The Irish government plans to inject €7bn into Allied Irish Banks and the Bank of Ireland, while shareholders in Fortis have rejected proposals to sell the bank's Belgium assets to BNP Paribas prompting concerns of a government bail-out.
Allied Irish Banks and the Bank of Ireland have welcomed the government's decision to pump €3.5bn into each bank in return for an option to buy 25% of ordinary shares in the lenders.
Kevin McConnell, head of research at Bloxham Stockbrokers in Dublin, is concerned that without clarity on an insurance scheme or creation of a bad bank, there is "uncertainty over the size of the impact of bad debts on capital levels".
With the Irish economy shrinking at the fastest rate out of the euro area, Irish financial stocks have plunged 93% over the last year.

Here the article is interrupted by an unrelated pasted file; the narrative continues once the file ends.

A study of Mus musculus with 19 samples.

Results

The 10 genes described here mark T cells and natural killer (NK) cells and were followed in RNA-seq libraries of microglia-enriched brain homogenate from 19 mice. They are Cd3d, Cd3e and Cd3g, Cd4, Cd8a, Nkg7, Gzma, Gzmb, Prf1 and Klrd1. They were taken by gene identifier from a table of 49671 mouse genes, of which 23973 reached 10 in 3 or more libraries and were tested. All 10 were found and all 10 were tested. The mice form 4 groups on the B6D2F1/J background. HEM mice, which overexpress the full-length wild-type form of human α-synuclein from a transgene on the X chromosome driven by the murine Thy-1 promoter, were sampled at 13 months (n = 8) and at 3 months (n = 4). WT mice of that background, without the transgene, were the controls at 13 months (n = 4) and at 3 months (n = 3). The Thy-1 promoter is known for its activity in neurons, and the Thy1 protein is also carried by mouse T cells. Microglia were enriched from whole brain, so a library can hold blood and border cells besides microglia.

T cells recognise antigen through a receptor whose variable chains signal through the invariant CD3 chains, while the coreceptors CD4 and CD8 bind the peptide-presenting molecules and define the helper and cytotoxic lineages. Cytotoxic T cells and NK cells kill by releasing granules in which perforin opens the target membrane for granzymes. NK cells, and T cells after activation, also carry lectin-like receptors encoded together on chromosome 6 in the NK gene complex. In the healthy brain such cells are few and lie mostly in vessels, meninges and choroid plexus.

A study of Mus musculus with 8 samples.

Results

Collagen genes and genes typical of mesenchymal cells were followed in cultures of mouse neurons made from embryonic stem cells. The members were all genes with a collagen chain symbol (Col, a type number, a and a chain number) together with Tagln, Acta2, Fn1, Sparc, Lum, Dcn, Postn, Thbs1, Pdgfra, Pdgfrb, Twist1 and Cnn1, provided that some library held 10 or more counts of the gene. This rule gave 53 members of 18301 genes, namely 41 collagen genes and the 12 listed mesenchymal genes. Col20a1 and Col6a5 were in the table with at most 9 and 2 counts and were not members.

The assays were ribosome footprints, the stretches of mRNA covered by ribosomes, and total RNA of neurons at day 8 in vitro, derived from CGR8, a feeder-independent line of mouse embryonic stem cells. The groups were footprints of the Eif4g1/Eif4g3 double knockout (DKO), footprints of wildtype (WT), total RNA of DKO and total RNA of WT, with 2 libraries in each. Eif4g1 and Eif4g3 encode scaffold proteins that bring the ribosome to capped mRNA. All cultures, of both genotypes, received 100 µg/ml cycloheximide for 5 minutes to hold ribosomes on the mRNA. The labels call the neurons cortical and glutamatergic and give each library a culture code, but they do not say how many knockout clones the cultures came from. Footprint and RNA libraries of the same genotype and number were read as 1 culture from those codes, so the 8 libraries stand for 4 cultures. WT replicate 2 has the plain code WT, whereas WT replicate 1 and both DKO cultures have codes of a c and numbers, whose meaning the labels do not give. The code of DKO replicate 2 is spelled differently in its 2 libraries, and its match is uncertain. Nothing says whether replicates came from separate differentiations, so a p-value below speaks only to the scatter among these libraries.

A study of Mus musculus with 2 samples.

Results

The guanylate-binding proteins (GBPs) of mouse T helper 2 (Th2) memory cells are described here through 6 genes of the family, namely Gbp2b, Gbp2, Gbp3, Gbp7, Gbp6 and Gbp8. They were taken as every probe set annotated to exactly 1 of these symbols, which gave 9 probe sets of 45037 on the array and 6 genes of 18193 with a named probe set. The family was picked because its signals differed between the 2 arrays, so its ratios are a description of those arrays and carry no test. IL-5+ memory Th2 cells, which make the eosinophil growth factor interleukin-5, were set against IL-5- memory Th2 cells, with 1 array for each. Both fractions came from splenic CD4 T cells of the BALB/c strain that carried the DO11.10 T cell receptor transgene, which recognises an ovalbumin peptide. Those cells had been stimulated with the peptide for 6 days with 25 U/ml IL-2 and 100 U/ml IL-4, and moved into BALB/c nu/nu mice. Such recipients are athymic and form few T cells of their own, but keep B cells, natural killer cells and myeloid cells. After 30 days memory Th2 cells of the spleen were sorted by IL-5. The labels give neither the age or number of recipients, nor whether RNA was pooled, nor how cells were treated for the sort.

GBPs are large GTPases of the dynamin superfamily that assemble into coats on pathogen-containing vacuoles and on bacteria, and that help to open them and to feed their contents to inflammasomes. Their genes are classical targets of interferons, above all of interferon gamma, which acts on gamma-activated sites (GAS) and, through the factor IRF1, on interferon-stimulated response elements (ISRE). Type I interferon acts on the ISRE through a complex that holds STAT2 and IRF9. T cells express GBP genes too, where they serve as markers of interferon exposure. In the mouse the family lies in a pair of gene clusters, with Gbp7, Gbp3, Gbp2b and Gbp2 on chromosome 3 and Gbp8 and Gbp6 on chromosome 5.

Finance minister Brian Lenihan believes the government has "got it right" in terms of capital.
"No government in the world has been able to devise a totally satisfactory scheme of risk assessment," he says. "We will continue to work on that."
Meanwhile, shareholders in Fortis have revolted against plans to sell its Belgium assets to French lender BNP Paribas throwing Fortis' future into doubt, according to the Times.
Approximately 5,000 shareholders representing a fifth of the bank's capital narrowly rejected the hurried transaction first proposed in October.
The deal which would have prompted the sale to BNP Paribas was supported by 49.74% of shareholders.
Having championed the sale, the vote outcome will come as a blow to the Belgium government who may now have to rescue the troubled bank.
Last year Fortis lost €19bn and currently faces a liquidity shortfall of about €2.3bn. The collapse of the takeover deal will also be a disappointment to BNP Paribas' Belgium and Luxembourg expansion ambitions.